When the affected families protested against the award, it did not take long for the ruling party’s provincial committee to directly intervene, fearing that the protest would have an adverse effect on the party in light of the approaching parliamentary elections. In May, the committee hurriedly sent a petition to Prime Minister Hun Sen, requesting him to rescind the notification letter.
It did not take long for Hun Sen, either, to heed that petition. In early June, some six weeks before the election, the affected families got back their community land.
However, more than 200 families living in a village on the outskirts of Phnom Penh were not that fortunate in their efforts to have a plot of land, which they consider community land, returned to them. The land was vacant in the mid 1980s when the villagers claimed it as community property to stage communal religious functions. A fellow villager, however, somehow succeeded in making that land his private property. Other villagers protested and filed a complaint in court to claim it back.
The Court of First Instance and later the Court of Appeal ruled against the villagers. However, in July 2005, they won their case in the Supreme Court, Cambodia’s court of final appeal. The court awarded the land back to the villagers to serve as their community land. At first, the loser agreed to comply with the Supreme Court’s judgment, but somehow, in November 2006, secured a notification letter from the office of the prime minister. The Supreme Court’s judgment has not been executed since then.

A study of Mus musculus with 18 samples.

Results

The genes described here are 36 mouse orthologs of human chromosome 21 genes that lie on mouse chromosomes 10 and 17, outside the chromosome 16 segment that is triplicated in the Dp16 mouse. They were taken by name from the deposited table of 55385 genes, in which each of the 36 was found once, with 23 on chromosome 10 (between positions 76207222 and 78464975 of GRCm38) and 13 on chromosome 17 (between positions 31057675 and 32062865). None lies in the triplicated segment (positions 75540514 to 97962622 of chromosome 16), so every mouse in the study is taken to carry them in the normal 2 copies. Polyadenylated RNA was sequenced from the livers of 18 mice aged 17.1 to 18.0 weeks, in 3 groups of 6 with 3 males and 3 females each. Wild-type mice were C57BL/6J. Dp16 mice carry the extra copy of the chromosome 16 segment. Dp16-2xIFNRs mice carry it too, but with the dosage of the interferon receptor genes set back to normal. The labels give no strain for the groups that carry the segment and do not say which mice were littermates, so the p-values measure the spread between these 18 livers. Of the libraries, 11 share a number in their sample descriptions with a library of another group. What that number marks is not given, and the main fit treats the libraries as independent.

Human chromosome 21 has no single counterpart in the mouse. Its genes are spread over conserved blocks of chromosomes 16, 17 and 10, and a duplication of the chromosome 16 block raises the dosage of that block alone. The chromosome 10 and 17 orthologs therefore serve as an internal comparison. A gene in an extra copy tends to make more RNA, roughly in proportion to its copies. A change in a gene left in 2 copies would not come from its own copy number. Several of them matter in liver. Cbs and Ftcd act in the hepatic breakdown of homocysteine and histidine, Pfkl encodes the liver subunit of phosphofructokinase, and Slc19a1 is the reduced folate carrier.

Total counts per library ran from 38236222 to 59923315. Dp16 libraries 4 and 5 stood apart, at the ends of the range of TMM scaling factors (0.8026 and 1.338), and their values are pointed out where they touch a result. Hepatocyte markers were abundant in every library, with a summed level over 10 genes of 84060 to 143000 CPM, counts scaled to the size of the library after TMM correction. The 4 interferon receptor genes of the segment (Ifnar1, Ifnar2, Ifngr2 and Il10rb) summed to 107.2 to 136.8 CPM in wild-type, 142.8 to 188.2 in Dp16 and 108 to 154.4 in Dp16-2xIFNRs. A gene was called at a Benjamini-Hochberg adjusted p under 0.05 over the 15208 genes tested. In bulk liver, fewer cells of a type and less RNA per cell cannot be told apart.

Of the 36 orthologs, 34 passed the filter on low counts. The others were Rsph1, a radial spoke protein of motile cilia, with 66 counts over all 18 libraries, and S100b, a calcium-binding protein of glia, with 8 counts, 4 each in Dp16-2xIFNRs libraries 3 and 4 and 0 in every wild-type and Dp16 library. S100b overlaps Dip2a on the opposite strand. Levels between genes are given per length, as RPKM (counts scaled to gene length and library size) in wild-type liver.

The villagers have since protested against the continued possession of their community land by the fellow villager. On Sept.17 hundreds of villagers gathered and put their thumbprints on a petition to Hun Sen, requesting him for justice to get their communal land back.
The use of notification letters is not unique in the two cases above. Rather, it is a common practice for settling disputes by bypassing legal procedures and court judgments.
This practice is a kind of “rule by decree,” where notification letters serve as simple notices to concerned persons of the decisions made by the prime minister or his office. They have no official status as executive orders or regulations – such as royal decrees signed by the king, sub-decrees signed by the prime minister or ministerial orders signed by ministers – and are not subject to parliamentary debate or judicial review.
Furthermore, they are not necessarily issued and signed by the prime minister himself, but more often by senior officials in his office, invariably with references to his decisions annotated on the case file. The number of people authoring such letters causes confusion and creates more problems for the concerned parties.
In April this year a notification letter was issued by a senior official in the prime minister’s office awarding a piece of disputed land to a group of litigants. In May, the same land was awarded to another group of litigants by another official in the same office, who issued another notification letter. In July, the first group of litigants made a plea to Hun Sen to get the land back.
This practice is unconstitutional, where institutions other than the courts have the power to adjudicate disputes. Furthermore, it is an offence of interference in the judicial functions of courts and appears in the current draft of the Cambodian penal code.
This form of rule by decree has bred corruption and contributed to the centralization of power in the hands of the prime minister. It has long obstructed the establishment of the rule of law, which, according to its Constitution, is supposed to govern Cambodia.
This rule by decree must end, and the penal code should be adopted as soon as possible to criminalize interference in the judicial function of the courts.
(Lao Mong Hay is a senior researcher at the Asian Human Rights Commission in Hong Kong. He was previously director of the Khmer Institute of Democracy in Phnom Penh, Cambodia, and a visiting professor at the University of Toronto in 2003. In 1997, he received an award from Human Rights Watch and the Nansen Medal in 2000 from the United Nations High Commissioner for Refugees.)